We've compiled the top 9 1/2 things to know about traumatic brain injury, it would have been 10 but the last 1/2 was left off because memory is often affected by traumatic brain injury.
1. A traumatic brain injury is a blow or jolt to the head or a penetrating head injury that disrupts the function of the brain. You do not need to lose consciousness to sustain a concussion.
2. Each year, 2.8 million people are treated for TBI in a U.S. emergency department.1 By the numbers, every American has more than a 1:160 chance of sustaining a traumatic brain injury each year.
3. The three groups at highest risk for traumatic brain injury are children (0-4 year olds), teenagers (15-19 year olds), and adults (65 and older).1
4. Estimates peg the number of sports-related traumatic brain injuries as high as 3.8 million per year.2
5. Using a seatbelt and wearing a helmet are the best ways to prevent a TBI.
6. Males are almost twice as likely as females to sustain a TBI.1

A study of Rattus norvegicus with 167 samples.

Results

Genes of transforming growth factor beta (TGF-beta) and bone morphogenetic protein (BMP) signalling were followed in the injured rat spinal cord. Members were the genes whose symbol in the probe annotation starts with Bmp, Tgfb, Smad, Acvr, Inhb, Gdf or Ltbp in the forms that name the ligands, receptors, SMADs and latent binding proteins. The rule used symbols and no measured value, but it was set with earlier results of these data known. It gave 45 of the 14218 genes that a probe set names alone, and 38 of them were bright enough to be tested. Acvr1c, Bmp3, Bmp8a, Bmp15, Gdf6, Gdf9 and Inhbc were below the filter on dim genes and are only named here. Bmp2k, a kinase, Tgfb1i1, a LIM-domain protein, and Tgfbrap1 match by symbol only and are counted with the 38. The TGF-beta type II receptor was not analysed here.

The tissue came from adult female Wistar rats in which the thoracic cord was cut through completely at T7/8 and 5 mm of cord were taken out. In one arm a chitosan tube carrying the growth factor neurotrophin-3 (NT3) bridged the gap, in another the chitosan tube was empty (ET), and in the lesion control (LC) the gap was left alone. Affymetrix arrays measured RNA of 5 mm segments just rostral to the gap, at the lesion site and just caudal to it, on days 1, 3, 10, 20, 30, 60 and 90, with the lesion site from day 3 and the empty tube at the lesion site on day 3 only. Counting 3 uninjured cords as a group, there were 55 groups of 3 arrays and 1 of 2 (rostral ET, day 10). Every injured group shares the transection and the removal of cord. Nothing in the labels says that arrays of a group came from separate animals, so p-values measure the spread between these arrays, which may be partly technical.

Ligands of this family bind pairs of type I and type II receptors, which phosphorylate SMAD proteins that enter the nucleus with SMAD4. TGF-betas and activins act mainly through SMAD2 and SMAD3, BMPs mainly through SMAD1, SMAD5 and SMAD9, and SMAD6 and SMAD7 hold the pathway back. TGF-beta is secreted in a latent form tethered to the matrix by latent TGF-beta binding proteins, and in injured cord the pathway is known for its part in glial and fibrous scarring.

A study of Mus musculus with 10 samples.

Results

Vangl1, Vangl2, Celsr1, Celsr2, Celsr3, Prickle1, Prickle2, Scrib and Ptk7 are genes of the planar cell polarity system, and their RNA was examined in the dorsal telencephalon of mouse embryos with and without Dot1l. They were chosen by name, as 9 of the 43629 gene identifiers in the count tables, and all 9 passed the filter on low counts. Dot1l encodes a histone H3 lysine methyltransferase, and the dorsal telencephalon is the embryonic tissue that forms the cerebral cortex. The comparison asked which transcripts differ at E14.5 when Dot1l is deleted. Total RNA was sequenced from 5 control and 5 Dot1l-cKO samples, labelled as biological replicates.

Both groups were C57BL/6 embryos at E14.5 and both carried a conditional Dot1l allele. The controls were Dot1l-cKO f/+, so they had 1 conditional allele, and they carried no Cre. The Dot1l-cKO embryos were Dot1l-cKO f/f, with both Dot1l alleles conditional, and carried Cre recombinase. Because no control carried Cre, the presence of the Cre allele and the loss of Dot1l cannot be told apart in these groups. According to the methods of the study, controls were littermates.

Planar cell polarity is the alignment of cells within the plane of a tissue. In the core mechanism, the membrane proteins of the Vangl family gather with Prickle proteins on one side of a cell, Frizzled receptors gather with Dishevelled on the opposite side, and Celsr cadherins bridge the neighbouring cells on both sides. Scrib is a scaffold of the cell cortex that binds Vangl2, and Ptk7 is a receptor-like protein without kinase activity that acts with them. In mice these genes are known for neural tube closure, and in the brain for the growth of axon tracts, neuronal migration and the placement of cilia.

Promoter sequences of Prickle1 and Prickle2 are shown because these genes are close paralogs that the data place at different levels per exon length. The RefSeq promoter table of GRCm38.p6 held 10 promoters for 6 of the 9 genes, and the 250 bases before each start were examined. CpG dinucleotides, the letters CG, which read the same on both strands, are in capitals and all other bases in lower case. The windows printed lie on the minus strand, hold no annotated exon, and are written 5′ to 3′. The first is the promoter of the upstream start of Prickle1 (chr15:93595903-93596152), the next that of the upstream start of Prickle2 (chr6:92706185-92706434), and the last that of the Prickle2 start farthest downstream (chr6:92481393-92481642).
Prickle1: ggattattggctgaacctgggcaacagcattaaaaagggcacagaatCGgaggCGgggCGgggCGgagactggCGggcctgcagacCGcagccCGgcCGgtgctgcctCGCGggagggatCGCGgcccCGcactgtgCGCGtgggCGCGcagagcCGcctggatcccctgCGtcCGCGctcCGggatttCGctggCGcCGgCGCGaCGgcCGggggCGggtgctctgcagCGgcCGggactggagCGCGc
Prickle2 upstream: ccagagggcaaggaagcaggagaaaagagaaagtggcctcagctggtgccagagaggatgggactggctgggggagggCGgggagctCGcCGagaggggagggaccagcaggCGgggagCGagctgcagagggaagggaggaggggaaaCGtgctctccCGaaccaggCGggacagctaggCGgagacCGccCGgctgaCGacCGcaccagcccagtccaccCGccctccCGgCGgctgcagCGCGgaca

7. A concussion is a mild brain injury. The consequences of multiple concussions can be far more dangerous than those of a first TBI.3
8. The area most often injured are the frontal lobes that control thinking and emotional regulation.
9. A blow to one part of the brain can cause damage throughout.
9 1/2. Most people do make a good recovery from TBI.
2. Langlois JA, Rutland-Brown W, Thomas KE. Traumatic brain injury in the United States: emergency department visits, hospitalizations, and deaths. Atlanta (GA): Centers for Disease Control and Prevention, National Center for Injury Prevention and Control; 2006.
3. Cifu, David, MD. eMedicine.com. www.emedicine.com/sports/TOPIC113.HTM.